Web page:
Asian indices are closing out the first quarter on a bright note, with key markets seeing double digit gains.
On Friday, Hong Kong shares ended their best quarter in two-and-a-half years, the Hang Seng up by more than 11 per cent and its China Enterprises Index up 7 per cent for the period.
However, China is lagging behind, with the Shanghai Composite up by just three per cent for the quarter.
Looking ahead, market-watchers say there are twin concerns of a slowing economy and renewed inflationary pressures.
"The political uncertainty ahead of leadership reshuffle, the renewed concerns on economic hard-landing, and also the accounting irregularities issues uncovered in this results seasons. Those are the major issues why the market has corrected six to eight per cent in March," HSBC head of equity strategy Steven Sun said.
With the financial markets starting to price in concerns about a slowdown in China, the Chinese central bank came out to say that it will continue to keep growth at a relative fast and steady pace and keep prices stable.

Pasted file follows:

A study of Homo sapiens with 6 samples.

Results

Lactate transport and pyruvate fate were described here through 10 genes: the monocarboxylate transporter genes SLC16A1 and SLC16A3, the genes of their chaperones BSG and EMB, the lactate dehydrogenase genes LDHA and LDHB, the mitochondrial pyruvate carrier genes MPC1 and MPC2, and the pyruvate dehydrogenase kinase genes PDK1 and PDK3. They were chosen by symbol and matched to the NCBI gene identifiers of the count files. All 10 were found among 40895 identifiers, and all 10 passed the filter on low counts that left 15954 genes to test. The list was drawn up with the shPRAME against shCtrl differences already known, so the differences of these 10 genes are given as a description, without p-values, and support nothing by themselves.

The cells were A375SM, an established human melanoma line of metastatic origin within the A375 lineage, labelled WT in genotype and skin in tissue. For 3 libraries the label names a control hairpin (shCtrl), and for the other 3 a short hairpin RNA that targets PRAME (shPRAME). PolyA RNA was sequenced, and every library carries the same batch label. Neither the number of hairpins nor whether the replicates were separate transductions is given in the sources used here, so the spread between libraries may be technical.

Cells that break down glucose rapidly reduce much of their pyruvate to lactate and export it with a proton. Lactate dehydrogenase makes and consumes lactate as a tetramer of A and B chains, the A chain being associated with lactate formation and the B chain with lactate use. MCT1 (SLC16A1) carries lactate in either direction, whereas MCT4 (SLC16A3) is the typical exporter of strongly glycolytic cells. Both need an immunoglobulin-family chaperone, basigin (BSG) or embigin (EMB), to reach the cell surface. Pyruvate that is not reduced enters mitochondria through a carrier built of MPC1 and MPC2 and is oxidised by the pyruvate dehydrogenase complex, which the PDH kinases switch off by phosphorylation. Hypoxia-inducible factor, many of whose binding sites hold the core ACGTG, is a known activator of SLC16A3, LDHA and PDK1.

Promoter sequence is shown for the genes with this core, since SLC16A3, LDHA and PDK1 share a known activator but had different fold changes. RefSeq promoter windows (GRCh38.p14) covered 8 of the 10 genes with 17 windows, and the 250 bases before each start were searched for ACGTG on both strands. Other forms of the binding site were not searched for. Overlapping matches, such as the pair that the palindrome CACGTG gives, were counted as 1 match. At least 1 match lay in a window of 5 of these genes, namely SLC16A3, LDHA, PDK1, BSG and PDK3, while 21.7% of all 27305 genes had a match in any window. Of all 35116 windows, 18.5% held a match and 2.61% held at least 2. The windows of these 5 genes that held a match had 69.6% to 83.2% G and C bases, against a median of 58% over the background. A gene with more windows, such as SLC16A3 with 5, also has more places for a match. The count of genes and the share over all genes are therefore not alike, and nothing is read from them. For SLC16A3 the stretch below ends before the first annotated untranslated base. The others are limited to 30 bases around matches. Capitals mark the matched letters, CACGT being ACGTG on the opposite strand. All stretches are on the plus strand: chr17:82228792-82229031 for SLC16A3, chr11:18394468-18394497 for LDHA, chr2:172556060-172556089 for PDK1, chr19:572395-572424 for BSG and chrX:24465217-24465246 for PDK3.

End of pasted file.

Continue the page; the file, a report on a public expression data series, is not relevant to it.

HSBC is making one of the more bullish calls on the street, raising its target up for both the Shanghai Composite and the H-share index, believing that the earnings cycle is about to turn.
"The People's Bank of China will likely play some catch-up in terms of monetary easing," Mr Sun said. "Our economists are talking about 250 bips RRR cuts in the second quarter, and also one possible 27 bips interest rate cut towards the end of the second quarter.
"As a result of that, we do expect end demand to improve, a very positive driver for margins as well," he added.
HSBC predicts that within this year, the Shanghai Composite will move up to 2,800, implying a return of some 23 per cent from current levels.
HSBC also sees Hong Kong's H-share index, or China Enterprises Index, climbing towards 13,000 or 21 per cent higher.
HSBC is overweight policy sensitive sectors like energy and industrials, as well as consumer discretionary sectors.